Biden: US Will Listen to 'Every Scrap of Evidence' in Gulen Extradition Request
U.S. Vice President Joe Biden says the White House is determined to listen to "every scrap of evidence" Turkey provides before deciding if it will extradite Muslim cleric Fethullah Gulen.
Gulen lives in the eastern state of Pennsylvania, and Turkey is demanding his immediate extradition, accusing him of organizing last month's failed military coup -- a charge he denies.
Biden met in Ankara Wednesday with Turkish President Recep Tayyip Erdogan. He tried to head off Erdogan's impatience by explaining that American courts require firm evidence before a suspect is surrendered to another country.
"You can't go into the court and say, 'This is a bad guy'... you have to say 'this is a guy or woman who committed the following explicit crime,'" Biden said.
He said prosecutors need to show a judge probable cause, and that sometimes courts move slowly. Biden noted that President Barack Obama could be impeached if he orders a foreign national extradited without a proper hearing.
Turkish Prime Minister Binali Yildirim has said any delay in sending Gulen back to Turkey could harm U.S.-Turkish relations.
Biden said he understands Turkey's anger, and said the U.S. has no interest in protecting anyone who has done anything to hurt one of its allies.
Turkey has arrested or fired 80,000 government workers, judges and academics it believes are Gulen supporters or were involved in the coup attempt launched by a group of renegade military officers.
At Least 10 Dead, 30 Wounded as Afghanistan University Attack Ends
Afghanistan police say at least 10 people are dead and more than 37 wounded after a nearly 10-hour long attack on the American University of Afghanistan in Kabul ended Thursday.
The dead include seven students, two police officers and a security guard. A foreign teacher was among the injured, Interior Ministry spokesman Sediq Sediqqi said. More than 700 staff and students were rescued after being trapped inside the university complex, Kabul Police Chief Abdul Rahman Rahimi added.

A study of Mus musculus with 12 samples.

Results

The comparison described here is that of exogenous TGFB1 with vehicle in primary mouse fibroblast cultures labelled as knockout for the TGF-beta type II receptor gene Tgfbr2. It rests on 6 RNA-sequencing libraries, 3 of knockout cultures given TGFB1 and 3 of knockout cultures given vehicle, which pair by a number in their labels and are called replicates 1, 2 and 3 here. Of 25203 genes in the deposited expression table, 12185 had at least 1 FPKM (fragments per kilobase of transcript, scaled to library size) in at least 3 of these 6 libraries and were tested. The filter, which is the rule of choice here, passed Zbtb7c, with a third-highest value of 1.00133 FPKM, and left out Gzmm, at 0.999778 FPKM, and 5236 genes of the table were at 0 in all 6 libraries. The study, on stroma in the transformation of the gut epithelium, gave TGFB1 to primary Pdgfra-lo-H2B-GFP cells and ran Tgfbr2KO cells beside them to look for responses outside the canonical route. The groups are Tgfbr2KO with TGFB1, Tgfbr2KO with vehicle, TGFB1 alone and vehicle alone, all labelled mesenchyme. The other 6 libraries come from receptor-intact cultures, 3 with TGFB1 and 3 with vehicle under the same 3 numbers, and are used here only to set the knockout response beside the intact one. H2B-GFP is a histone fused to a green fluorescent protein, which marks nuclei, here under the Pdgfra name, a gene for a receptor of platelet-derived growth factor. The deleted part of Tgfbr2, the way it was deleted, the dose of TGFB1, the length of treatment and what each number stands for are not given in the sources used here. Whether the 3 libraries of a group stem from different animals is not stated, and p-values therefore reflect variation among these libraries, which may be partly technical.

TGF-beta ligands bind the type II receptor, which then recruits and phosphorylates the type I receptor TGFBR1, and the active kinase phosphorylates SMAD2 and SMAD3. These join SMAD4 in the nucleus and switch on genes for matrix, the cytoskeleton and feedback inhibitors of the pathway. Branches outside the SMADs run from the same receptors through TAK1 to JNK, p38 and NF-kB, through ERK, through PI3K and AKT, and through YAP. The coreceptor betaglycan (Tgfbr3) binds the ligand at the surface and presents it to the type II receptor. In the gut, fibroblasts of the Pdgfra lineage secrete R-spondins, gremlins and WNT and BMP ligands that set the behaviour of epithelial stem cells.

The attack began with an explosion around 6:30 pm Wednesday local time and set off about an hour of gunfire as security forces responded. Officials described the assault as a "complex attack." Police officials said at least two attackers had been killed.
One student trapped on campus told Reuters news agency by phone that he was holed up inside a classroom with some other people. He said they were hearing bursts of gunfire outside.
A student who escaped, Massoud Hossaini, told the Associated Press that he, too, had been trapped with some other students in a classroom, where they barricaded themselves inside by pushing chairs and desks against the door. He said they eventually managed to escape through the university's northern emergency gate.
There are no claims of responsibility from militant groups. The U.S. State Department condemned the violence and called it an "attack on the future of Afghanistan."